The holidays are here, which means so are the holiday parties. It’s difficult for even the most dedicated healthy eaters to pass by the buffets of buttery tarts, platters of sweet cookies, and trays of decadent appetizers. Luckily, you don’t have to.
You can still enjoy the holiday eats—and you don’t have to beat yourself up or spend hours in the gym to “earn” them either. The secret to eating smart during the holiday season is to adopt practical strategies that help you be mindful about what you eat and still enjoy a little bit of every occasion.
These six strategies for smart and healthy eating during the holidays can help.
Use a salad or dessert plate at the food table. Most dinner plates, even the disposable ones, are close to a dozen inches wide. That’s a lot of surface area for sweets and treats that can pile on the calories. Instead of using the larger plate, look for a smaller one. A salad or dessert plate would be ideal. Not only does this force you to be more selective of the foods you put on your plate, but also it cuts down on food waste, too. Use the smaller plate when you pass through the food line, and you’ll eat smaller food portions. Even if you go back for seconds, you’re likely to eat less than someone using the larger plate from the start.
Give yourself healthy choices for every meal. Skipping meals to “save” calories certainly sounds good on the surface, but it could backfire. It puts you at risk of overeating when you finally let yourself have a bit of food. Instead, make sure you have a plan for a healthy breakfast, lunch, and dinner—we recommend using our Healthy Breakfast and Lunch Meal Plans, as well as our Quick & Healthy Dinner Plan—and stick to it. Planning, prepping ahead, and cooking your meals means you can’t be tempted to skip, and you can help yourself prevent overindulging later.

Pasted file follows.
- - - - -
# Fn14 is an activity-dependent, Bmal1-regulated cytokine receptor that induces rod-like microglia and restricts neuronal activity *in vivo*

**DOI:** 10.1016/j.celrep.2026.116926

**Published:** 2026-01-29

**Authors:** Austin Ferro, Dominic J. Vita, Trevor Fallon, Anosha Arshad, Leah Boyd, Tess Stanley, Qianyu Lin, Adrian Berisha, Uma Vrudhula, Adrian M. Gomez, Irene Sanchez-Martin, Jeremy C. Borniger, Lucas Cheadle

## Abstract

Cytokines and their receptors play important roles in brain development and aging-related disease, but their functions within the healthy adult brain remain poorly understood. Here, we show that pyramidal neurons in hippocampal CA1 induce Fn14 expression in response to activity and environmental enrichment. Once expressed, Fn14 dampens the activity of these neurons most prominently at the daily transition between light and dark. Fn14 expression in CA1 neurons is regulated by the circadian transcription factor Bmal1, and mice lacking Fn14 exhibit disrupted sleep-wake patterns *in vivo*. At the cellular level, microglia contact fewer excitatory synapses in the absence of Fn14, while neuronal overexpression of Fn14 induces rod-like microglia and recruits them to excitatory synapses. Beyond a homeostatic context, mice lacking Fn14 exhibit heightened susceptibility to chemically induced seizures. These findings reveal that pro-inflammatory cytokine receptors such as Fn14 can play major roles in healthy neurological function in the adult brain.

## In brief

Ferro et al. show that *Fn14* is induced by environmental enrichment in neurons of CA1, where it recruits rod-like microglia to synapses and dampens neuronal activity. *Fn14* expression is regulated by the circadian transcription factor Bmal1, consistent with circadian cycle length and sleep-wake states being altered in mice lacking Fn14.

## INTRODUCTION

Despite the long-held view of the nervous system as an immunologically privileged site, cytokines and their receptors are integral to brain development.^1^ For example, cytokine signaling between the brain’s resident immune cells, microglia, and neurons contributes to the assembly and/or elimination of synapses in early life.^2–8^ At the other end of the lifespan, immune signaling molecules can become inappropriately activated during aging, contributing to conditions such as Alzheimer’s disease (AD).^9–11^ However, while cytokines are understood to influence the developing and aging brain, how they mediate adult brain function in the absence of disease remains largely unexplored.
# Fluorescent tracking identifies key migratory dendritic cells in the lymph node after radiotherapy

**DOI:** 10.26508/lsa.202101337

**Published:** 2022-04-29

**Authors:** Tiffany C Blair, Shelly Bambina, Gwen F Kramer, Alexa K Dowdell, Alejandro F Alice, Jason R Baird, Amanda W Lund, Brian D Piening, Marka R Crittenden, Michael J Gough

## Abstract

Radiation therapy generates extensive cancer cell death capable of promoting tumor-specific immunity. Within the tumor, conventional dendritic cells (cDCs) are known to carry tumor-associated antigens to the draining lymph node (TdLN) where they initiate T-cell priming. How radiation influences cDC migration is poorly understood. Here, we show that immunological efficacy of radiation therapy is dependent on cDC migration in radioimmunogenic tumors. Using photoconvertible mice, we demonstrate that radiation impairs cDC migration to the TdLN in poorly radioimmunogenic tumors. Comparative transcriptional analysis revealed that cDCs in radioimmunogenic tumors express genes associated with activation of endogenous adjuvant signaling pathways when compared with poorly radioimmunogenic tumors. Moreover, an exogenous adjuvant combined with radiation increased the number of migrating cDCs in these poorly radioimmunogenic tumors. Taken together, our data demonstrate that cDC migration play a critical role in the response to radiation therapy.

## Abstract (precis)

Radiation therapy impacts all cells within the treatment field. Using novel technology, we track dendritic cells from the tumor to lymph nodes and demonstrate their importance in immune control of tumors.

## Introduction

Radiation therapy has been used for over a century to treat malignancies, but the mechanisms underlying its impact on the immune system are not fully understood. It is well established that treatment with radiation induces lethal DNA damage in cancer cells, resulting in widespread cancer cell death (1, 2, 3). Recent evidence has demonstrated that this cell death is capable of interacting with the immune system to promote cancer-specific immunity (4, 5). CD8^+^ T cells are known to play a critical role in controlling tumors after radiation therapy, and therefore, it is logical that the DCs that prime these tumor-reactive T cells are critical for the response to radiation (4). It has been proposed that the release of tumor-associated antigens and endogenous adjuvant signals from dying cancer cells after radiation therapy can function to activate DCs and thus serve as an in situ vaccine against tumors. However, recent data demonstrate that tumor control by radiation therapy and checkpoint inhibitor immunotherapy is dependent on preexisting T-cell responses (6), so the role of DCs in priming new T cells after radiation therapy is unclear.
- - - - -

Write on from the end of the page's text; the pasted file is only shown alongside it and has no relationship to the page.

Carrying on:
Sit away from the buffet. Once you fill your plate, pick a spot in another room, or as far away from the tables of food as you can. You’re less likely to get up and go back for seconds if you have a long walk to complete. Also, if you can’t sit and watch all the delicious food, you boost the “out of site, out of mind” benefit of sitting elsewhere. Likewise, make sure you are actually sitting, not standing, while you nibble and chat. Sitting to eat helps you focus on your meal more than if you’re standing and juggling a plate and a glass.
Remember the rule of diminishing returns. The piece of chocolate cheesecake really looks tantalizing, doesn’t it? Grab a slice. No, seriously! Grab a slice. There’s no reason you shouldn’t enjoy during this happy season. Keep one thing in mind, however. Food has a law of diminishing returns: The more you eat, the less delightful each bite will be. The first bite of cheesecake is almost euphoric. But the last? Your mouth might be on sugar overload. Eat a bite or two of cheesecake. Really enjoy it—close your eyes and truly relish the feeling of that creamy filling, crumbly crust, and fluffy whipped cream. This mindful eating trick will help you be just as satisfied (possibly more) with your treat without you feeling like you have to eat the entire piece to be satisfied.
Plan non-food activities for holiday events. Who says you have to eat to enjoy the holidays? Instead of another buffet or another platter of cookies and cake, plan something different and unique. Get your friends together for a crafting night—paint a picture at a local art studio, hire an expert knitter to teach you all how to make a hat or mittens, attend a community talk or book reading, or look for a trampoline park that hosts adults-only nights. You can still exchange the gifts, celebrate the season, and spend time together. You just don’t have to worry with the food, too.
Actually enjoy the holidays. Above all else, remember that the holiday season is a time for celebrating and rejoicing with the people you care for and love. Don’t restrict yourself. These once-a-year celebrations are a good time to enjoy your friends and family and leave behind the worries of calories and carb counts. Take a bite of Aunt Peggy’s caramel cake—she only makes it at Christmas after all. Let yourself truly enjoy it, and then you can look forward to it again next year.